The longest losing streak in the history of the Triple Crown will be on the line when trainer Johny Campo enters Hey Hey J.P. Thursday in Saturday's Belmont Stakes.

Campo is 0 for 19 in the Kentucky Derby, Preakness and Belmont since making his debut in the prestigious series in 1971 with Jim French.

The colorful conditioner has saddled a dozen 3-year-olds in the three events and has come close to victory only once, in the 1971 Belmont, when the 34-to-1 Pass Catcher tried valiantly to lose by walking the last 16th of a mile of the mile and a half race - only to triumph by three quarters of a length over Jim French after having led by five lengths at the eighth pole.

The 19 starters Campo has sent to the post have lost the three classics by a grand total of 362 lengths, or slightly better than a 19-length average. Hey Hey J.P. is in the tradition, having finished 23 1/2 lengths behind Seattle Slew in the Preakness before finishing third in the Jersey Derby on Memorial Day at 97 to 1.

The high point of Campo's traipsing through the Triple Crown may have occurred in 1973 when Twice A Prince lost by 31 lengths but finished second to Secretariat and earned $33,044.

Jim French ran second, third and second in the three 1971 contests. Good Behaving and Play The Red are the only other Campo charges to have been taken seriously by the bettors, at shorter than 5-to-1 odds. Good Behaving finished 11th in the 1971 Belmont. Play The Red wound up sixth at Belmont last spring after having closed fairly well to second to Elocutionist at Pimlico.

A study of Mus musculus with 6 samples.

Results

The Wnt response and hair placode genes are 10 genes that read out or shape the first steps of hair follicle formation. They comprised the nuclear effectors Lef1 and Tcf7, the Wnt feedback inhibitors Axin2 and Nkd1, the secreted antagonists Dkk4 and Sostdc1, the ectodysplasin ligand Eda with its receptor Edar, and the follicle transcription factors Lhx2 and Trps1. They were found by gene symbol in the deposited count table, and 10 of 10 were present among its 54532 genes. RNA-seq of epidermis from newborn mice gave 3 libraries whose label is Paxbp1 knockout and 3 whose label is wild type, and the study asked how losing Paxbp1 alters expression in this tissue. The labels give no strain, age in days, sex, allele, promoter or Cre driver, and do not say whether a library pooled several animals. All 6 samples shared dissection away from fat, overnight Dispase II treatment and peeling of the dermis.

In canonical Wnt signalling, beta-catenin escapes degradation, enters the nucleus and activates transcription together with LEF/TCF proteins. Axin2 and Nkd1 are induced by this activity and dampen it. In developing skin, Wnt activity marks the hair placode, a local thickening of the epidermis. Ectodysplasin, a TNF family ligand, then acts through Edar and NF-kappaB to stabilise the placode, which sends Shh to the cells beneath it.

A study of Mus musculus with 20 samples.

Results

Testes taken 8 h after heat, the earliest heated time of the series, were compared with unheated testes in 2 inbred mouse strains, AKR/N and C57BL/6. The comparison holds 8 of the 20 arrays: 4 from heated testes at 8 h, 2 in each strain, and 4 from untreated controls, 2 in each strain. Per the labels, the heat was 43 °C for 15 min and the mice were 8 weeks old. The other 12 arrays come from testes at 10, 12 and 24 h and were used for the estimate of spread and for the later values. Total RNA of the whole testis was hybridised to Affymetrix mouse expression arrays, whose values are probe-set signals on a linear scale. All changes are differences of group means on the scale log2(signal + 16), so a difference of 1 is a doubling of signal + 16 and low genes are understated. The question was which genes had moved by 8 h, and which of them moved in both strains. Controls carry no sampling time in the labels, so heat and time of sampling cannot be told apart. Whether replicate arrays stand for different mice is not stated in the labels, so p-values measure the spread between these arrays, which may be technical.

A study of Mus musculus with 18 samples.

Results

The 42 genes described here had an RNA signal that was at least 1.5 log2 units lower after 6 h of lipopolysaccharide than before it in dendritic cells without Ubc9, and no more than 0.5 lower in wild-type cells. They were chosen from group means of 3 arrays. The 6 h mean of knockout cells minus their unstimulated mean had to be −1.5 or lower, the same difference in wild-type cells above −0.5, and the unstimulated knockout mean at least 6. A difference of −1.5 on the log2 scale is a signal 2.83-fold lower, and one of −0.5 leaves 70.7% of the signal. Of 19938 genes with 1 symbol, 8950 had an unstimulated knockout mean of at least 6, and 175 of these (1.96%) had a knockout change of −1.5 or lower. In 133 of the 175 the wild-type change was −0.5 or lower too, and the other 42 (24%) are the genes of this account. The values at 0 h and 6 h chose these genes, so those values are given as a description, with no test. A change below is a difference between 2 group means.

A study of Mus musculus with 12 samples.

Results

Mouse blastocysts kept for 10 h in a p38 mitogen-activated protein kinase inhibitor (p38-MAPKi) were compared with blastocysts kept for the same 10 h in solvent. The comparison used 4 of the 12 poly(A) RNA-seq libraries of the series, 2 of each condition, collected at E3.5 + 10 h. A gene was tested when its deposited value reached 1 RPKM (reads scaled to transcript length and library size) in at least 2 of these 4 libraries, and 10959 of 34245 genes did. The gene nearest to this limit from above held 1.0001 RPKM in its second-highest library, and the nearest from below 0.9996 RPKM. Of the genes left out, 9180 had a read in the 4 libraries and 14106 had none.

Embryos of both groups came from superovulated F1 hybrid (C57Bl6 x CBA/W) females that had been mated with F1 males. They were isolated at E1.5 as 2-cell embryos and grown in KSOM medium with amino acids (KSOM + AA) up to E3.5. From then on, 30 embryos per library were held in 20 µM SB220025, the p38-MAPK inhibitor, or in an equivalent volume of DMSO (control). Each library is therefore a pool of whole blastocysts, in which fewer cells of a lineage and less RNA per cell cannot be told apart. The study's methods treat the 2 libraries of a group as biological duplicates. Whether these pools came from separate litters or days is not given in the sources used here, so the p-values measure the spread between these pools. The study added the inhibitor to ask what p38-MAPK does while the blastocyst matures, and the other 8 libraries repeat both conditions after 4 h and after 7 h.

Hey Hey J.P. will not threaten Seattle Slew for favortism Saturday. The dark bay colt sired by Wig Out figures to be the second longest or the longest shot on the board - behind Slew, Sanhedrin, Run Dusty Run, Iron Constitution and Spirit Level. Mr. Red Wing is the only colt he has a chance of beating in the parimutuels, at about 70 to 1.

There are those who claim Campo has made the high camp of the classics by repeatedly sending such longshots into situations where they were overmatched.

The trainer can summon two immediate defenses for his actions. First, his horses have finished ahead of such outstanding runners as Canonero II, Sham, Bold Forbes and Honest Pleasure somewhere along the Triple Crown trail.

Secondary, but more important, Campo's horses have earned $138,871 from their 19 appearances.

Hey Hey J.P. did not appear to belong in such exalted company until the Jersey Derby, when he probably surprised his trainer by finishing within a nose of Iron Constitution for second money. Cormorant won the mile and an eight contest by 3 1/2 lengths.Until then, Hey, Hey J. P.'s best efforts were over sprint distances.

Certainly the colt bred in Florida by Campo - the trainer owns the dam, Nat E. Shu, by John William - and owned by the Fast Piarina Stable will not be short of experience Saturday. He has run 24 times, twice as much as most of the Belmont competition except for Iron Costitution, which will be making his seventh start in eight weeks.

Perhaps the bottom line regarding Campo and the Triple Crown is that the rotund trainer who began his career in 1968 regards the events as merely three more opportunities to make the money by getting part of the rich pruses. His stable earns more than $1 million each season. Hey Hey J. P. already has more than $113,000 in his bank account.

So, from Campo's standpoint, who cares if he is about to become 0 for 20 in American's most famous horse races. He might even scratch Hey Hey J. P. from the Belmont on Friday or Saturday morning if Seattle Slew stays sound.

Besides, someone has to be last, Campo knows, having seen his horses finish there before when Prince Fauquier, Syllabus, Torsion and Media brought up the rear in, Triple Crown contests.